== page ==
Carrie Secrist Gallery, Chicago, IL, United States
Ellen Miller Gallery, Boston, MA, United States
Haines Gallery, San Francisco, CA, United States
Holly Johnson Gallery, Dallas, TX, United States
Ivory Press Art + Books, Madrid, Spain
David Maisel’s large-scaled, otherworldly photographs chronicle the complex relationships between natural systems and human intervention, piecing together the fractured logic that informs them both.
Maisel’s aerial images of environmentally impacted sites explore the aesthetics and politics of open pit mines, clear-cut forests, and zones of water reclamation, framing the issues of contemporary landscape with equal measures of documentation and metaphor. As Leah Ollman states in the Los Angeles Times, “Maisel’s work over the past two decades has argued for an expanded definition of beauty, one that bypasses glamour to encompass the damaged, the transmuted, the decomposed.”
Library of Dust depicts copper canisters containing the cremated remains of patients from a psychiatric institution. Vibrant minerals bloom on the urns’ surfaces, as the copper reacts with the ashes held within. The New York Times calls Maisel’s Library of Dust monograph “a fevered meditation on memory, loss, and the uncanny monuments we sometimes recover about what has gone before.”
History’s Shadow, Maisel’s current project, further explores the boundaries and essential properties of the medium, as he re-photographs x-rays of art objects, drawing from existing archives the spectral visions of past cultures. As always, Maisel seeks to render the invisible.
David Maisel was born in New York City in 1961. He received his BA from Princeton University, and his MFA from California College of the Arts, in addition to study at Harvard University's Graduate School of Design. Maisel was a Scholar in Residence at the Getty Research Institute in 2007 and an Artist in Residence at the Headlands Center for the Arts in 2008. He became a trustee of the Headlands Center for the Arts in 2011. Maisel has been the recipient of an Individual Artist’s Grant from the National Endowment for the Arts, and was short-listed for the Prix Pictet in 2008. Maisel lives and works in the San Francisco area.
Maisel’s practice has focused primarily on environmentally impacted sites, in a multi-chaptered series called "Black Maps". His large-scaled photographs show the physical impact on the land from industrial efforts such as mining, logging, water reclamation, and military testing. Because these sites are often remote and inaccessible, Maisel frequently works from an aerial perspective, thereby permitting images and photographic evidence that would be otherwise unattainable.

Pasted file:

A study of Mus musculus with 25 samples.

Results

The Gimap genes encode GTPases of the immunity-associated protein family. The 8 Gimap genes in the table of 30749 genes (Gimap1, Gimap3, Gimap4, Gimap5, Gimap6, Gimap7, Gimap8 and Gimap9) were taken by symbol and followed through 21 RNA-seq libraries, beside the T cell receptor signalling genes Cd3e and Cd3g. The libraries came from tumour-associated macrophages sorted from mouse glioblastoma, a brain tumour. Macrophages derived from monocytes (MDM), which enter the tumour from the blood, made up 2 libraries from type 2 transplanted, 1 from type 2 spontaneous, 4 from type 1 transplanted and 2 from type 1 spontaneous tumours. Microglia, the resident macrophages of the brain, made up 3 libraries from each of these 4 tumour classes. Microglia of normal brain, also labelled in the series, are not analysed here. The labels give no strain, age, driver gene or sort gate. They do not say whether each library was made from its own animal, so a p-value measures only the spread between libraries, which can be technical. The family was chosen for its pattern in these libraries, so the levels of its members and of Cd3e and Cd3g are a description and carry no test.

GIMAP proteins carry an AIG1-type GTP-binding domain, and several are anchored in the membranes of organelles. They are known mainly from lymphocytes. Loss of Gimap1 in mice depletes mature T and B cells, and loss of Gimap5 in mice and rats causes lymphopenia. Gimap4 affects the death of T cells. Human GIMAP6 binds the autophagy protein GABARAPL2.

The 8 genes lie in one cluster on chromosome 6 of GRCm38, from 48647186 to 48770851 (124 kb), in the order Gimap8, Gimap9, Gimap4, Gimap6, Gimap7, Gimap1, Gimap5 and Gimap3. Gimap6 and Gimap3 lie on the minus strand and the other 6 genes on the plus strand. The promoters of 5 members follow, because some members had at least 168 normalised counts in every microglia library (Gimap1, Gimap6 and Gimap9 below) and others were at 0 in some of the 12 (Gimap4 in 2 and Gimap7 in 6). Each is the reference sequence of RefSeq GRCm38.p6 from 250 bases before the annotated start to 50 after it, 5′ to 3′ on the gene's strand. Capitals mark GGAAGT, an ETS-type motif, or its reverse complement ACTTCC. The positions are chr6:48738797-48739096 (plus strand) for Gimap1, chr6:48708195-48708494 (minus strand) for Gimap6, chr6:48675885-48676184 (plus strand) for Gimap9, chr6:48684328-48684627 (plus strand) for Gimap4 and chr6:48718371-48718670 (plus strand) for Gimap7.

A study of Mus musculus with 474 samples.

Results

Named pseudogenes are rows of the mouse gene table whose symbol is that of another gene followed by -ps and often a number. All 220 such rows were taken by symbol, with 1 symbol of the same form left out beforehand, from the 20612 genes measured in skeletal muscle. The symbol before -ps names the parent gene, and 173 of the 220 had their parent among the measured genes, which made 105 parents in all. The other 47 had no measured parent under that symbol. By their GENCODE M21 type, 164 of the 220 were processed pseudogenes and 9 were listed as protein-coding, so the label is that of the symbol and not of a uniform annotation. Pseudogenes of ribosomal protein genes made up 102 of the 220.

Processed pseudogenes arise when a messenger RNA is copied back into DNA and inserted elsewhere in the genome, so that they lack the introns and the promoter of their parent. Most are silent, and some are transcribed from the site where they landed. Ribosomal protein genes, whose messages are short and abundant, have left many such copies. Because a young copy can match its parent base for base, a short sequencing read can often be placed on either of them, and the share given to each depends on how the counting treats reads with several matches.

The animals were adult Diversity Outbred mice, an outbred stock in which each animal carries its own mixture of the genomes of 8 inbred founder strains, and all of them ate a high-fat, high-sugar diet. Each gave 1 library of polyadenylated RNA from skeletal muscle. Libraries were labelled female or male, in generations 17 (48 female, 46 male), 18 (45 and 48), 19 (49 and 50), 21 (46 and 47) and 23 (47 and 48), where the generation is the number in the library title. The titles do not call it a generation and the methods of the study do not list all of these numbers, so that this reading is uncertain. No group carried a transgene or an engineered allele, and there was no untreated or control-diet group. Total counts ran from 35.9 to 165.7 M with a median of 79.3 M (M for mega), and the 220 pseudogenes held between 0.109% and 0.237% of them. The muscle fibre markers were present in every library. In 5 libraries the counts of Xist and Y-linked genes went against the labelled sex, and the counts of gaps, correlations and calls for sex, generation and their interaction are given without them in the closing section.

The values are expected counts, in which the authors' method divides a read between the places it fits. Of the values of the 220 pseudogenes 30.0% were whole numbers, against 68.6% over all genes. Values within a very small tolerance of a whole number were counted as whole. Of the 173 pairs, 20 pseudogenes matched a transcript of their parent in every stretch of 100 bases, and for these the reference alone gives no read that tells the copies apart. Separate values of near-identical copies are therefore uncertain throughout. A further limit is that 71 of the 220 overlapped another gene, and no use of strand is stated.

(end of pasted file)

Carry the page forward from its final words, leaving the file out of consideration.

In Maisel’s recent project, Library of Dust, he continues to investigate a zone bordered by aesthetics and ethics. The series depicts individual copper canisters, each containing the cremated remains of patients from a state-run psychiatric hospital, whose bodies have been unclaimed by their families. The canisters are now blooming with colorful secondary minerals as the copper undergoes physical and chemical transformations. Sublimely beautiful, yet disquieting, the enigmatic photographs are meditations on issues of matter and spirit.
Maisel’s photographs, multi-media projects, and public installations have been exhibited internationally, and are included in many public collections, such as the Metropolitan Museum of Art; the Los Angeles County Museum of Art; the Victoria & Albert Museum; the Brooklyn Museum of Art; the Santa Barbara Museum of Art; the Yale University Art Gallery; and the Museum of Fine Arts, Houston, among others. His work has been the subject of four monographs: The Lake Project (Nazraeli Press, 2004), Oblivion (Nazraeli Press, 2006), Library of Dust (Chronicle Books, 2008), and History's Shadow (Nazraeli Press, 2011).
Click on any of the thumbnail images to launch the viewer. You can then navigate forward and backward within the portfolio by clicking the left or right side of the enlarged image. Click the add to collection checkbox to automatically add an image to your collection. Image tags or search engine keywords appear below the collections' checkbox and each word or phrase is a link to potentially more image matches.